You Microsoft haters out there should get a kick out of this. --Declan
  >The Netly News Network (http://netlynews.com/)
  >December 17, 1997
  >Penance for Pirates
  >by Declan McCullagh (declan@well.com)
  >        When it comes to protecting his company's computer software,
  >   nobody compares with Bill Gates. Not only is the nation's richest man
  >   thumbing his nose at government antitrust lawyers, but he's also
  >   toasting his latest victory: a draconian antipiracy bill that
  >   President Clinton signed yesterday.
  >        Piloted through Congress by the deep pockets of the software,
  >   motion picture and recording industries, the law punishes unapproved
  >   "reproduction or distribution" of books, magazines, software, music or
  >   videos. The painful penalties must bring a smile to the face of
  >   software executives: fines of up to $250,000 and five years in federal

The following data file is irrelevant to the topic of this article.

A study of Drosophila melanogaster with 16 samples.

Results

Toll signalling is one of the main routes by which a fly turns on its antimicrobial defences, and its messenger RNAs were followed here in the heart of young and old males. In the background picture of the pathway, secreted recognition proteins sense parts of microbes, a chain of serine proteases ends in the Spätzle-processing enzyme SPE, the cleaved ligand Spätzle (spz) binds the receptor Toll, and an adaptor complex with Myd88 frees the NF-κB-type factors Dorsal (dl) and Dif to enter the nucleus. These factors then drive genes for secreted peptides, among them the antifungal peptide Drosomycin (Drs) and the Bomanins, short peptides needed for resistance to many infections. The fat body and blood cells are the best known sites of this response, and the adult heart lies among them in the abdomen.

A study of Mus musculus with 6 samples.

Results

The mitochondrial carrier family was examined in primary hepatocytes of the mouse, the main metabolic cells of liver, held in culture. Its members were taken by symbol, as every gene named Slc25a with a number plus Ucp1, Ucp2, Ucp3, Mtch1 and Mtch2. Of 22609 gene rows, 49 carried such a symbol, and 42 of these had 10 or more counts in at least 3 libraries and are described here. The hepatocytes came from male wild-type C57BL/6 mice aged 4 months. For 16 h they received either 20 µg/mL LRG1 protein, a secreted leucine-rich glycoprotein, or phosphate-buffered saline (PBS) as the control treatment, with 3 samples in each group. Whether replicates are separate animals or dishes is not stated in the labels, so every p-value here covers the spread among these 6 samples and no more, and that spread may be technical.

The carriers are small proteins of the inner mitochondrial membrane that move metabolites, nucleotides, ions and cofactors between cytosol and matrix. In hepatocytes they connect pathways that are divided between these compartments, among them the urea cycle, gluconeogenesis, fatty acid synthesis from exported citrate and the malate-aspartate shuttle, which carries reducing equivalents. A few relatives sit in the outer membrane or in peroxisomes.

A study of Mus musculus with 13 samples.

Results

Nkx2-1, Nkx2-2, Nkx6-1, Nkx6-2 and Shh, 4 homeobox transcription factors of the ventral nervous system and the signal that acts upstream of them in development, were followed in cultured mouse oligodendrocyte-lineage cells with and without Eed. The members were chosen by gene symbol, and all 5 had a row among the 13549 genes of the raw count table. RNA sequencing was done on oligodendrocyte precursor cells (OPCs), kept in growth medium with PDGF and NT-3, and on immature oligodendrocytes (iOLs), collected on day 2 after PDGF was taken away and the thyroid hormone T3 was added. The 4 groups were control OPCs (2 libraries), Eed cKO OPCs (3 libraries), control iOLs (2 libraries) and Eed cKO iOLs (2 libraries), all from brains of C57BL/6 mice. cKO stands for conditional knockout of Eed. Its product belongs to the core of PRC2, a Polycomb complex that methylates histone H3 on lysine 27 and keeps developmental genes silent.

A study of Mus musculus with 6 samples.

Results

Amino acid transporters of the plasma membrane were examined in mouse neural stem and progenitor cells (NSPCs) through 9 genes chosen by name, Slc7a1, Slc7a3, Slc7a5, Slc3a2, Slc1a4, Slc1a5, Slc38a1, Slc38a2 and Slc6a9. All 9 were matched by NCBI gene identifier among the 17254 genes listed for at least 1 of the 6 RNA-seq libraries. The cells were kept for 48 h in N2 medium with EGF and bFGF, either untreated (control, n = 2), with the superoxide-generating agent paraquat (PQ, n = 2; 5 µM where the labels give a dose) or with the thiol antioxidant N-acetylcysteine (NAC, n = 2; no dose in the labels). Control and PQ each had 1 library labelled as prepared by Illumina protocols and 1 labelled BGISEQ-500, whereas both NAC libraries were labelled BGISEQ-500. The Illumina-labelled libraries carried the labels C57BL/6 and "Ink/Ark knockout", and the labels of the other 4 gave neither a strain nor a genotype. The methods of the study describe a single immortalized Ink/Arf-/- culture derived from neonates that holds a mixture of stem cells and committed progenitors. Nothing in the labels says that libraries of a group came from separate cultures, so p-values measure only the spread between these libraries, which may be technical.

>   prison.
  >        While you're cooling your heels in Club Fed, you'll have plenty
  >   of time to consider your misdeeds -- which in this case could have
  >   been making just three copies of Microsoft Office (cost: $360 each).
  >   If it's any consolation, you'll have plenty of company. Joining you
  >   will be anyone who "willfully" infringes copyrights worth at least
  >   $1,000 within a six-month period, with stiffer penalties if the total
  >   jumps to $2,500.
  >        Ouch. The cost of prosecuting millions of malfeasants has led
  >   critics to wonder, sensibly enough, if the FBI's time could be better
  >   spent chasing violent criminals. After all, software companies can
  >   (and do) sue copyright infringers already. "This is a dreadful piece
  >   of legislation," says David Post, a law professor at Temple University
  >   who teaches copyright law. "Congress is doing exactly what they
  >   shouldn't be doing: reacting in a panic and saying there's so much
  >   copyright infringement we need to throw people in jail."